Jason Moeller: June 13-14, 2011

NOAA TEACHER AT SEA
JASON MOELLER
ONBOARD NOAA SHIP OSCAR DYSON
JUNE 11 – JUNE 30, 2011

NOAA Teacher at Sea: Jason Moeller
Ship: Oscar Dyson
Mission: Walleye Pollock Survey
Geographic Location: Gulf of Alaska
Dates: June 13-14, 2011

Personal Log

Welcome back explorers!

June 13th

Kodiak Dock
A view of the dock as we finally leave!

We are finally underway! The weather cleared up on the 12th, so the rest of our scientific party was finally able to make it in from Anchorage. The scientists did not arrive until later in the day, but at 9:00 in the morning, the Oscar Dyson finally left port in order to run some tests, including a practice cast of the fishing net!

island in harbor
An island in Kodiak Harbor. Kodiak is hidden by the island in this photograph.
Open Ocean
Open ocean, straight ahead!
Net spool
Casting the net was a tricky process that took about 30-45 minutes. (I did not time the process.) The casting started by unhooking the edge of the net from this giant spool. The net was wrapped tightly around this spool when not in use.
net caster
Next, the net was hooked to the mechanism that would lower the net in the water. (The mechanism is the yellow object that looks like an upside-down field goal post)
net hooked up
This is a photo of the net being hooked up to the casting mechanism
net being unwound
Once attached, the mechanism then pulled up on the net to start unwinding the net from the spool. Once the net was properly unwinding, the net was lowered into the water to begin fishing!

Once the tests were completed, we headed back towards the harbor to pick up the rest of the scientists. Once we were all on the vessel, we held a quick briefing on the ship rules. This was followed by a meeting among the scientists where shifts were handed out. I am on the 4 PM to 4 AM shift, also known as the night shift! Hopefully, I will see some northern lights during the few hours that we actually have darkness. After the meeting and a fast guided tour, I went to bed, as I was extremely seasick. Hopefully, that is a temporary issue.

June 14

I woke up to discover that the ship has anchored in a protected cove for the day in order to calibrate the acoustic devices on board that are used for fishing. This is a time consuming but necessary process as we will need the baseline data that the scientists receive by calibrating the device. However, that means that there is not much to do except for eating, sleeping, watching movies (we have over 1,000 aboard) and enjoying the beautiful scenery. As we are in a quiet cove with no waves, I am not currently sick and decided to enjoy the scenery.

cove 1
The next four images are from the back of the ship. If printed, you can go from left to right and get a panoramic view.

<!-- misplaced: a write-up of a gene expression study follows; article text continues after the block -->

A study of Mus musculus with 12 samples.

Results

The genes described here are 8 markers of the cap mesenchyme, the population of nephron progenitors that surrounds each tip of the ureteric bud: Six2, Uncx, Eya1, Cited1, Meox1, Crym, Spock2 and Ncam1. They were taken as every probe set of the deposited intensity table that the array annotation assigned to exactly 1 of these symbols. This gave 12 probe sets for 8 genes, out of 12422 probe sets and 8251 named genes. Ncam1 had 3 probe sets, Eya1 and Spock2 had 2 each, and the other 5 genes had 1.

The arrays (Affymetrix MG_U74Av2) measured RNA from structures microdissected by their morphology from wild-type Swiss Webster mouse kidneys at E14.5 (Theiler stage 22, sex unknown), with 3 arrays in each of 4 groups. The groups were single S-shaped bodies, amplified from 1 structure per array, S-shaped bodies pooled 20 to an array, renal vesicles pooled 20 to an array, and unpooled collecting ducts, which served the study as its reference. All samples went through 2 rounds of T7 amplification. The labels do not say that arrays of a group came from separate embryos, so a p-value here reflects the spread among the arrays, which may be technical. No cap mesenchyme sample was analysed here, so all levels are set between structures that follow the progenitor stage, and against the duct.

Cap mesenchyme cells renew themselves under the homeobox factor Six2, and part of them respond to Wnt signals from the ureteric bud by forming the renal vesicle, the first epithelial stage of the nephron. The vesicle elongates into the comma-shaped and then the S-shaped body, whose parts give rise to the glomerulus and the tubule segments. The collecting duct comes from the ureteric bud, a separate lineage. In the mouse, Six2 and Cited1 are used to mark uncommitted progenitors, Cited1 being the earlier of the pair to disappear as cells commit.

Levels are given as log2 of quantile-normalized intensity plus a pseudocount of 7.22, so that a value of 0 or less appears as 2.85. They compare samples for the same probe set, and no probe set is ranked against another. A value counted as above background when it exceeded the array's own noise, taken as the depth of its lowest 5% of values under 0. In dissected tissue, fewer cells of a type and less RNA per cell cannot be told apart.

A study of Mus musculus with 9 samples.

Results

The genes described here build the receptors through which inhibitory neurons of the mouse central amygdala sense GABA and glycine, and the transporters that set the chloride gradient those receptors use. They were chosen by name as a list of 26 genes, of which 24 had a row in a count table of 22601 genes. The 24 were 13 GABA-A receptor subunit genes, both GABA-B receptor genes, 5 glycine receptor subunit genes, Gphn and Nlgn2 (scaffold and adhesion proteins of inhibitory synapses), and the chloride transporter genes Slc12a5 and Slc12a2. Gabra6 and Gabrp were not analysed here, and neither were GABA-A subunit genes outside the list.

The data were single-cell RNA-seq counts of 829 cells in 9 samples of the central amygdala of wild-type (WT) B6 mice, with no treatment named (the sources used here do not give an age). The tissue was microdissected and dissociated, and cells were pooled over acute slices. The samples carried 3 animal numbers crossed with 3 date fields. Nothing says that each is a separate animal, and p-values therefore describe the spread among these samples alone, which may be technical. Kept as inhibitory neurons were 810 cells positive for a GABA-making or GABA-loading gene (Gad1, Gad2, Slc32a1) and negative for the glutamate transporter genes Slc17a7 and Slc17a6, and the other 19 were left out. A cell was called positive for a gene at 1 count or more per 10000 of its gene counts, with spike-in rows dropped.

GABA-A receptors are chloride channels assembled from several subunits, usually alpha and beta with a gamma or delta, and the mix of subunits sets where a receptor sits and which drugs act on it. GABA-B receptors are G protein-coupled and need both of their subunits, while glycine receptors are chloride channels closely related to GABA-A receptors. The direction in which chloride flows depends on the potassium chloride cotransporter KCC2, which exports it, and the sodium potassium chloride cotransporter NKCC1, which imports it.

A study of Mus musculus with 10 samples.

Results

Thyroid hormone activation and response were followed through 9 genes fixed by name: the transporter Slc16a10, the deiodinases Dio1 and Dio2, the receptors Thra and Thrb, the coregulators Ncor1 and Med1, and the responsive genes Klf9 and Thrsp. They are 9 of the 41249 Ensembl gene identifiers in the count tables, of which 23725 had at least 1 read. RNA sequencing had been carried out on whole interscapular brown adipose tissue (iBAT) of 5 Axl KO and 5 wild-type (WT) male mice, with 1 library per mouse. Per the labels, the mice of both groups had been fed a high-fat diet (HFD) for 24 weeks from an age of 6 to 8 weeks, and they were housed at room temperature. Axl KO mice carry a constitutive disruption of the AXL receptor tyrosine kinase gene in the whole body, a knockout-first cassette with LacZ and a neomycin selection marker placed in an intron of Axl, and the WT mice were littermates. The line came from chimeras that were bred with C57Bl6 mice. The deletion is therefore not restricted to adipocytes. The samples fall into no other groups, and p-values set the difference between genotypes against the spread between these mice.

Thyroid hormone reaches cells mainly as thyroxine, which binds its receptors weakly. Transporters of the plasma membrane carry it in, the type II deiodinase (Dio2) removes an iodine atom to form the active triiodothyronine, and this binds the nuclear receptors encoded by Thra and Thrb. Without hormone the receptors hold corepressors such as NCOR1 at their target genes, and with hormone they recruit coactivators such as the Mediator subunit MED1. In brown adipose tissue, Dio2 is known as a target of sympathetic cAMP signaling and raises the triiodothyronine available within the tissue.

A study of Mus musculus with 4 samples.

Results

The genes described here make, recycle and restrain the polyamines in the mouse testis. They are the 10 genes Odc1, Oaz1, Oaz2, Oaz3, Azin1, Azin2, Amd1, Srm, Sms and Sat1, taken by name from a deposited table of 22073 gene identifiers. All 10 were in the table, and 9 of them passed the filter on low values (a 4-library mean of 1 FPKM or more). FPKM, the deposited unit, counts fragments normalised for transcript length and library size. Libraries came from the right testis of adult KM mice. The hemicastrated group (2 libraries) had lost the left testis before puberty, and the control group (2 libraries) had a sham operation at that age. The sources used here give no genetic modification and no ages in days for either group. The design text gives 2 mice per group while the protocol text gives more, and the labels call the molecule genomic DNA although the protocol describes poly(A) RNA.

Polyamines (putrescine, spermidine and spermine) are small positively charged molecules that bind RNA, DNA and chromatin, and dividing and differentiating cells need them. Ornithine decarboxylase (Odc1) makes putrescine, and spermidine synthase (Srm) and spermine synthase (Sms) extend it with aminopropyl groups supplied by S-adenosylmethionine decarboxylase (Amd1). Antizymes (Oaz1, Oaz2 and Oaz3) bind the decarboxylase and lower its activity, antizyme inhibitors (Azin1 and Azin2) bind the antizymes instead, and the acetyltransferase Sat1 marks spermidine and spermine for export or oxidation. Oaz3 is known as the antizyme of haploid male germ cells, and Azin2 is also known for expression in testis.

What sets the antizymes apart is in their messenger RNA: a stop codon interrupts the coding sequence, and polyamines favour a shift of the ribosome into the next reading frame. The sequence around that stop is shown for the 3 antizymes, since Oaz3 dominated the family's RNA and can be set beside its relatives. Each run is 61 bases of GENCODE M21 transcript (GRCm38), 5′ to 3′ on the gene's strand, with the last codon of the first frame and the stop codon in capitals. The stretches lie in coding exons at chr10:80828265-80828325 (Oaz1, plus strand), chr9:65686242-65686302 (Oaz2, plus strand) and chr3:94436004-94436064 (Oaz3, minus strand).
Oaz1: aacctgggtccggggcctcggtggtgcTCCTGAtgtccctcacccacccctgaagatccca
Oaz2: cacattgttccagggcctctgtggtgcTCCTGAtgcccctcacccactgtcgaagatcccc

cove 2

cove 3

cove 4

Jellyfish
I know the image is bad, but can you see the white blob in the middle of the water? That is a jellyfish!
mountain
Here is a photograph from the side of the boat of a snow-capped mountain. Even though it is summer here, there is still quite a bit of snow.
waterfall
This is another image off the side of the boat. A waterfall falls off into the ocean.
waterfall 2
A closer shot of the waterfall. This place is just gorgeous!

Science and Technology

The Science and technology segment of the blog will be written at the start of the Walleye Pollock survey, which should begin in the next day or so.

Species Seen

Jellyfish!

Arctic Tern

Gulls

Reader Question(s) of the Day

I received a few questions from Kaci, who will be a TAS here in September!

1. What is the temperature here?

A. The temperature has been in the mid to upper 40s, so much cooler then back home in Knoxville, Tennessee, where we were getting 90 degree days! It’s actually been pleasant, and I have not been cold so far on this trip.

2. What did you bring?

A. The temperature affected what I brought in terms of clothing. I started with a weeks worth of shorts and t-shirts, which I stuffed in my check in bag, and then two days worth of clothes in my backpack just in case my checked bag didn’t get it. Our other TAS, Tammy, got stuck here with only the clothes on her back, so a backup set of clothes was necessary. In addition, I have several pairs of jeans, 2-3 sweatshirts, a heavy coat, and under armor to round out the clothing. The under armor and heavy coat have been great, it’s why I haven’t been cold. I also packed¬† all of my toiletries (though I forgot shampoo and had to buy it here.

In terms of electronics, I have my iPod, computer, and my wife’s camera with me. (A special shout out to Olivia is in order here, thanks for letting me use the camera! I am being VERY careful with it!). I have a lot of batteries for the camera, which I have needed since I’ve already gone through a pair!

Just for fun, I brought my hockey goalie glove and ball to use in working out. We have weight rooms aboard the ship, which I will definitely need since the food is fantastic!

I hope that answers those questions, and I will answer more in the next post!